Pistahan (Filipino) Festival

On Saturday, August 9, 2008, I took the train into San Francisco to go to Yerba Buena Gardens for the Pistahan (Filipino) Festival. I went last year; this year's festival was similar. It had the same food stands. The secondary stage was devoted entirely to hip-hop and rap. The booths covered the same range as last time, from books (on Filipino language, cooking, and history, as examples), to t-shirts (many gangsta style), to hats and handbags, and to booths staffed by the festival backers such as local banks, periodicals targeting Filipinos, the Filipino-American sheriff association (for public relations and recruiting), and the Filipino tourism bureau. And, also like last year, there was one "heritage" booth devoted to Filipino history and culture, much like a museum exhibit, and one devoted to art. I think more cultural festivals should have booths like these.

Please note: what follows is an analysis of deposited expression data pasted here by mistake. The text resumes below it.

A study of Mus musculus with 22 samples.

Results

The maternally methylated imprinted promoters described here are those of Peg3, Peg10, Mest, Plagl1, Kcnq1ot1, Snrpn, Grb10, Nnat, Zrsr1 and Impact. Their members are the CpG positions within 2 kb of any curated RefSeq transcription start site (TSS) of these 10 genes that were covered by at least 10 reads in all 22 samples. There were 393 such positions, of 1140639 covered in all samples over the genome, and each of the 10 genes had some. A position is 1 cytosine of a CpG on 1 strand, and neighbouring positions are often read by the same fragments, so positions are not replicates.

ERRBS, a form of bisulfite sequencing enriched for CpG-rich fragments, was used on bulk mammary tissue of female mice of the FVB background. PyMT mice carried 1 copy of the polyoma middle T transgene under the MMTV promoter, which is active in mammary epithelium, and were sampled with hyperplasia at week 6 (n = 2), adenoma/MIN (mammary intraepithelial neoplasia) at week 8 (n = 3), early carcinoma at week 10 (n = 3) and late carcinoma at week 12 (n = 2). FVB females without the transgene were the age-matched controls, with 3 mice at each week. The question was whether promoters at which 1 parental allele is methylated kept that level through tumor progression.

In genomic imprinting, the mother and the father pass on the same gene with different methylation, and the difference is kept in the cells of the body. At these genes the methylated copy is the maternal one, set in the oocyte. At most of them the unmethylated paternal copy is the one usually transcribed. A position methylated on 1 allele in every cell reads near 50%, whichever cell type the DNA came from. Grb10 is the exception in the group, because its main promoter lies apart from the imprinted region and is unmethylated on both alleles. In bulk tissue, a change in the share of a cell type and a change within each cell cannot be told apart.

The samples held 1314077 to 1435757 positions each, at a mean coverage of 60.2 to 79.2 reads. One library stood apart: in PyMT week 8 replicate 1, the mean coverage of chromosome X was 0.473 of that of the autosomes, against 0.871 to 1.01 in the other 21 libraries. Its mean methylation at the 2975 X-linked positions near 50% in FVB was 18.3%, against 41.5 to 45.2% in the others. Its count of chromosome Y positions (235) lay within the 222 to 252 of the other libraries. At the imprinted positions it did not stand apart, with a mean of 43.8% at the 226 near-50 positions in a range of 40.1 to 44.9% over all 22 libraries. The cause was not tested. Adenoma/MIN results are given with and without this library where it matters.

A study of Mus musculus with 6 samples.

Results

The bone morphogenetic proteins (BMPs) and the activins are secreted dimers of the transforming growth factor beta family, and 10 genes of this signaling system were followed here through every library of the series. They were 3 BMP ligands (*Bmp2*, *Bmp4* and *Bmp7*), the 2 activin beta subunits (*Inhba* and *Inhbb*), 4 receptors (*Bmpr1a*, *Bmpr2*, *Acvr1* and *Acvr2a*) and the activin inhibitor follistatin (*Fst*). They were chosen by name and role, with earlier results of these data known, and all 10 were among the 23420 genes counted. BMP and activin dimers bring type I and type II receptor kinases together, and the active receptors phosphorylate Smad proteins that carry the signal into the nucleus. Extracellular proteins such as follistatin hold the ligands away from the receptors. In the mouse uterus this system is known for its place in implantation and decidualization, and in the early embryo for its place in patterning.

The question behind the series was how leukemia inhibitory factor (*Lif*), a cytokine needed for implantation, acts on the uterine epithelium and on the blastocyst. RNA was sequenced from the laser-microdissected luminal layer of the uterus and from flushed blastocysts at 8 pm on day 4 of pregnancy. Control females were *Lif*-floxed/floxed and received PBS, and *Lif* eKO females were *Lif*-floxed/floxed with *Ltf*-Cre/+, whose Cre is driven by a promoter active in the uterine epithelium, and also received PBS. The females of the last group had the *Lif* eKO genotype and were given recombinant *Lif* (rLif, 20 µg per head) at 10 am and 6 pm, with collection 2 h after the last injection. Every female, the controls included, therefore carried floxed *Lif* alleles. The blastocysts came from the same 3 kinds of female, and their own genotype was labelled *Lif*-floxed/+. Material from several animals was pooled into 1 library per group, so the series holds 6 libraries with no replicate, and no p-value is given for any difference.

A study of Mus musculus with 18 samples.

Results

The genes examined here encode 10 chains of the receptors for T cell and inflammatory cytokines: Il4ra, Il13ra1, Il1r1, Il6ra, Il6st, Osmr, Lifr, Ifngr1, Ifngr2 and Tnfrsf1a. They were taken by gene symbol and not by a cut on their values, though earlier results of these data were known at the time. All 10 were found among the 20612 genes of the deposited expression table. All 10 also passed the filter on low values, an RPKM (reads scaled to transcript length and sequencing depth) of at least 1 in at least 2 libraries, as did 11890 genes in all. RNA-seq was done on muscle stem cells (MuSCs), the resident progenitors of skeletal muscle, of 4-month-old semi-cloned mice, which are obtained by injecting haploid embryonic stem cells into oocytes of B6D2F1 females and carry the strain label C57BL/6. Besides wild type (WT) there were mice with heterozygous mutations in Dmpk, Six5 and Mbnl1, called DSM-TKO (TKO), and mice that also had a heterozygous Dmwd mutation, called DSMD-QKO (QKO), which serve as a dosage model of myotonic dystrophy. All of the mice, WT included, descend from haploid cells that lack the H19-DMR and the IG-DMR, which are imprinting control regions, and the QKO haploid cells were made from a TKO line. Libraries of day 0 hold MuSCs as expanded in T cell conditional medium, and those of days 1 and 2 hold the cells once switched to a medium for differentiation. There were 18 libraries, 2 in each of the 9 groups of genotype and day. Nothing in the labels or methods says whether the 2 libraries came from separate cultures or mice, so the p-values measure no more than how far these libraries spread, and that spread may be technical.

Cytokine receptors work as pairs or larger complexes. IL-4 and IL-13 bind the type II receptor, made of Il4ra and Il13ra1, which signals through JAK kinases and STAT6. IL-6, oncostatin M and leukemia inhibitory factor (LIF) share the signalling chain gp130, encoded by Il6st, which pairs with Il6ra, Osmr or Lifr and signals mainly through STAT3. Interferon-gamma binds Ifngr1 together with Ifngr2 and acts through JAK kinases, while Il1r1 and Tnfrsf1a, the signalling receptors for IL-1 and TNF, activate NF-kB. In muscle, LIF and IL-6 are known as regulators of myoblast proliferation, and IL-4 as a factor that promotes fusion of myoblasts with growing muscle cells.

One booth that interested me was the one staffed by the transportation authority that promoted plans to run a new, underground T-line into Chinatown.

Aside from looking around, I sat in the grass, ate, and listened to the Filipino jazz group which happened to be playing at that time. I also explored, during which time I caught performances of operatic singing, a DJ spinning dance music, and Filipino folk dancing. Easily the most irritating feature of the festival was that the church across the street periodically rang bells, sometimes for upwards of a minute at a time, making it difficult for the audience to hear the music or announcements. It was clear the performers were also frustrated.

As I left the festival, I grabbed dessert, which I ate on the way to the train station and on the train. Although I didn't think I was going to cut it closely, I arrived in the station as they called "All Aboard."

Over the course of the day, I took some pictures of what I ate and a few videos of the performances I saw.